Rosemary and I have been at our house in Mallorca since July 11th, and have another two weeks before returning to the definitely "un-summery" weather in London.I wanted to share some observations about life in Mallorca.
Despite its reputation as a "holiday" island (which is undeserved, as the resorts are on the coast, and Mallorca has thriving light manufacturing and agricultural sectors in addition to tourism), the cost of living here is significantly less than in the UK (especially in London).
I have made comparison notes on grocery prices, etc., over the past few months, and find that food and alcoholic beverages are one-third to one-half less than in say, a Waitrose in London and a Mercadona, Carrefour or Lidl in Cala Ratjada (our nearest town) or Palma. Of course, it is to be expected that good Spanish wine can be purchased for €3-5 per bottle, but decent Italian, German and French wines are comparable in price (I bought a case of Beaujolais for €4.70 per bottle, and French champagne [not cava], every bit as good as popular brands such as Veuve Cliquot, Pommery or Piper-Heidsieck, is available at supermercados or bodegas for around €12.00. As a single malt connoisseur, what I find a delight is that all brands of imported Scotch whisky cost less here than in the UK. Of course, this will probably change after Halloween due to EU tariffs despite the devalued pound, so I am stocking up.
Segueing to Brexit. Yesterday the Sunday Times featured an extensive exposé of a leaked Whitehall (i.e. official UK government) dossier known as Operation Yellowhammer, which details the negative impact that the UK can expect in the event of a "No Deal" Brexit. Today, Downing Street is scrambling to cover its exposed backside over the leaked document, claiming that it was drafted for the benefit of Remainer ministers in the previous government, it's nothing more than "Project Fear" redux, etc. However, I have heard from several of my credible government sources that the document was actually drafted after Boris became Prime Minister to comply with his orders for No Deal Brexit contingency planning. Dame Carolyn Fairbairn, director-general of the CBI (Confederation of British Business), said on BBC Radio yesterday that avoiding crashing out without a deal must be the "number one priority" for the government and that "Yellowhammer does show is just how incredibly serious for our economy a no-deal outcome would be."
We´re seeing the impact of the looming Brexit here. Our Palma-based immigration lawyer told me that there is a four months backlog of residency applications from British people just for the Balearics (Mallorca, Menorca and Ibiza), whereas normally processing takes three weeks. A recent survey by the international money transfer service CurrencyFair showed that more than a third of British expats (34 percent) are already actively seeking a formal farewell to their home country due to Brexit, and 23 percent will seek citizenship for themselves and/or their family in case of a hard Brexit (around 325,000 British citizens live in Spain). Over half of the British citizens living outside of the UK surveyed are worried about their citizenship rights as an expat (53 percent), and half (50 percent) are concerned about their citizenship rights in commonwealth countries due to Brexit.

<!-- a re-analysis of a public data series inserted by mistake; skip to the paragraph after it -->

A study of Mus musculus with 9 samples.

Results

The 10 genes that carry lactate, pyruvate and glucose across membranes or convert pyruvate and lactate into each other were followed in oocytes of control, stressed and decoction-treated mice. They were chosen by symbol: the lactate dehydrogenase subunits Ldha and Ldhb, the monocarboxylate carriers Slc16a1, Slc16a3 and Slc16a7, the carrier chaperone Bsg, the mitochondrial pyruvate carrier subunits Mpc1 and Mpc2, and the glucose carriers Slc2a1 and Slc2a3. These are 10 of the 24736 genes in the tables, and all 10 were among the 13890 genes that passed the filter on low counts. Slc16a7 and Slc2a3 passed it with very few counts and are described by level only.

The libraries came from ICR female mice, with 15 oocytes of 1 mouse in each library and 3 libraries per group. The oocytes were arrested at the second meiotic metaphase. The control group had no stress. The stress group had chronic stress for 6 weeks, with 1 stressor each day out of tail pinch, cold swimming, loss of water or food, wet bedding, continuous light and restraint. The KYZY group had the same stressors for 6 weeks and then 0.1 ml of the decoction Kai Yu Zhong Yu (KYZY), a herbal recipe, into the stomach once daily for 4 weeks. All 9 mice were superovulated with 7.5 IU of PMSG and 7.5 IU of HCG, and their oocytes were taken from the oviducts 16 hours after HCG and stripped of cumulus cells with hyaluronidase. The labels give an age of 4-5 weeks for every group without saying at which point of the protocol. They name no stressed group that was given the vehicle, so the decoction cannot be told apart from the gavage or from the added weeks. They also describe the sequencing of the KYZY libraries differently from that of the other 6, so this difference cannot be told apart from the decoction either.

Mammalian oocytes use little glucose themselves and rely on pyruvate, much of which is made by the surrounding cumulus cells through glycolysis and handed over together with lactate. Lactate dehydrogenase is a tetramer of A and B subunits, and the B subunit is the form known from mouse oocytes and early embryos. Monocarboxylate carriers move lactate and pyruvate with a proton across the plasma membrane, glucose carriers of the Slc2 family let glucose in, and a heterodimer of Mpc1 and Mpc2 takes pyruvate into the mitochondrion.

Anticipating this, I ensured that Rosemary got her Residency Permit in January (mine is pending, but as I US citizen I am not subject to the uncertainty and possible residency backlash as the British nationals are).
We have several friends who have recently moved full-time from the UK to Spain (Mallorca, Alicante and Valencia). We also know of a number of people who are selling UK assets and seeking safe havens elsewhere. In the UK early stage tech sector, which I am very familiar with, investment has nearly disappeared. Investors pulled £1.03 billion from UK equity funds in the first six months of this year and allocated £457 million to North American funds, according to the Investment Association. London real estate prices have fallen significantly (fortunately my 25-year-old daughter benefited from this recently, buying a lovely flat that she could not have afforded two years ago). In contrast, house prices in Mallorca are increasing by an average of 4 percent per year, and we estimate that the value of our house has gone up 15-20 percent, partially due to applying for and getting an ETV (tourist rental license), which are like gold and very difficult to obtain as the government has imposed an ETV moratorium on many municipalities because local people were being forced out of rental accommodations due to Airbnb type rentals.
JE comments: An excellent "twofer" from Tim Ashby, on Mallorcan expat life, Brexit, and the connection between the two. At this point we've seen everything from the "sky is falling" scenarios to Brexiteers arguing that the economy will actually get better. Who will be right? We'll find out soon enough.
Meanwhile, Tim has found the perfect way to hedge your bets: stock up on single malt.